This is he fifth segment of a series on Putting the Wrath of God in Perspective. I have previously written on the subject of the wrath of God several times. In my last blog, I considered how God is perceived through the filter of human experience: if a person sets his self against God, he experiences what feels like condemnation, anger and rejection; while the person who attempts to draw near to God experiences love, grace and acceptance.
God does not change in this exercise. We do. Where we stand in relation to God determines how we experience Him. If God is the source and giver of life, and if God is love, we should experience life and love when we draw near to Him; conversely, we experience the opposite of life and love when we reject God or withdraw from Him. We experience love or “wrath” depending on where we stand in relation to God.
Taking this a step further, if we love what God loves, we find fellowship with Him, but if we love what God does not love, we find that we are separated from Him by our love of things God does not love.
We don’t naturally love what God loves, so we naturally feel some tension with God. In order to know and understand God, we need to get beyond this tension. There is no tension on God’s part, however; the tension is with us and our posture toward God.
Someone might observe that that both good and “bad” people experience love, beauty, happiness, pleasure, etc. Believers don’t have a monopoly on these positive experiences. The same is true of negative feelings like anger, unhappiness, jealousy and depression. Good and bad experiences are common to all people.
If we accept the Biblical story as true, we understand that we live in a fallen world. Our lot is to struggle in a world that is marked by sin and death. Yet God sustains the world and everything in it. God makes the rain to fall on the humble and the proud, the good and the bad; He causes the sun to shine on the saints and the sinners.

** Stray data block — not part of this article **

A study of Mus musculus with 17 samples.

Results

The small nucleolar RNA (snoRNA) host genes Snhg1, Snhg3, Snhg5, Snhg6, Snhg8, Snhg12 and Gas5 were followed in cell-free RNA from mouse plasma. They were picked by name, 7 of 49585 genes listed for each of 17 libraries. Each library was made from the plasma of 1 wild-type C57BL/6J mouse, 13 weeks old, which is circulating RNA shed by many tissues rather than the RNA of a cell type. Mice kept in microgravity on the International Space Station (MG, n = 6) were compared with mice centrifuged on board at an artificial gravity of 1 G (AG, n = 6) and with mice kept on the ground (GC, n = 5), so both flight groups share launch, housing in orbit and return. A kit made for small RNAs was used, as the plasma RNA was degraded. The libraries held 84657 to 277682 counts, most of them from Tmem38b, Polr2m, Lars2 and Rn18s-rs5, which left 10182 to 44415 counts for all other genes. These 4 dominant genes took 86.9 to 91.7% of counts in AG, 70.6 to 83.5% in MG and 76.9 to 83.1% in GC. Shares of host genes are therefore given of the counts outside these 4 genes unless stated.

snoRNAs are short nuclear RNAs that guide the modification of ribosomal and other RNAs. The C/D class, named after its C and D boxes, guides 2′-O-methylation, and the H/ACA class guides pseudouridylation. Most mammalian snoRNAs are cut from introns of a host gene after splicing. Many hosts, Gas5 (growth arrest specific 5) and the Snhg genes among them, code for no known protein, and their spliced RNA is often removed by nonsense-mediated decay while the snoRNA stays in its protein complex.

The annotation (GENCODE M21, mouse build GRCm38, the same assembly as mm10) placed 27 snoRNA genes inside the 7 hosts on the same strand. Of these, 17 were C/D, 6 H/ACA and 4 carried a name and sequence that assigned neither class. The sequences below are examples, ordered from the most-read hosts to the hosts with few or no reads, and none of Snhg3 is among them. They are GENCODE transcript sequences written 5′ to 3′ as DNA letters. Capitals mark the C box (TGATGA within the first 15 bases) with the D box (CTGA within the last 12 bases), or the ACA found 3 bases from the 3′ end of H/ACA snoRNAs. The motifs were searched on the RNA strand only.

Every person experiences something of the life sustaining force of God in this world, though we also experience the struggle of a world that is not aligned with God. Everyone glimpses the love and beauty in the world, though we also labor with hopelessness, loneliness and depression. Even if we reject God, as long as we live in this world sustained by God, we feel something of His presence and His influence.
We may confuse the feelings we have and the source from which they emanate. We may attribute the good feelings to nature or human love or something else. We may even think that we are the source of these things. We may blame God for the bad things we see and the bad feelings we have, but we don’t often blame the bad things on ourselves.
We may fail to perceive that the bad things emanate from evil which is the corruption of things God made good, and we are part of that corruption.
This world and everything in it will eventually end. Time, space and matter had a beginning, and it will have an end. Our lives in this world will end. At that point, we will have nothing between us and eternity.
The taste that we have now of good and bad will resolve and solidify for each one of us. According to the direction we are tending, either toward God or away from God, we will be propelled into eternity.
We will be cast with no anchor, no rope or life vest, into our eternity. Our lot will either be in the presence of God, or, like the astronaut in outer space, we will be forever adrift in the outer darkness of separation from God, separated from the Author of Life and Love itself.
At that time, the rain will no longer fall on the righteous and the unrighteous; the sun will no longer shine on saints and sinners. We will feel the full, direct and beautiful love of God, or we will feel the yawning emptiness of separation from all that is love and life. The wrath of God is the natural result of separation from the Giver of Life and Author of Love.
The wrath of God is eternity without God.
He leaves the choice up to you which you will choose.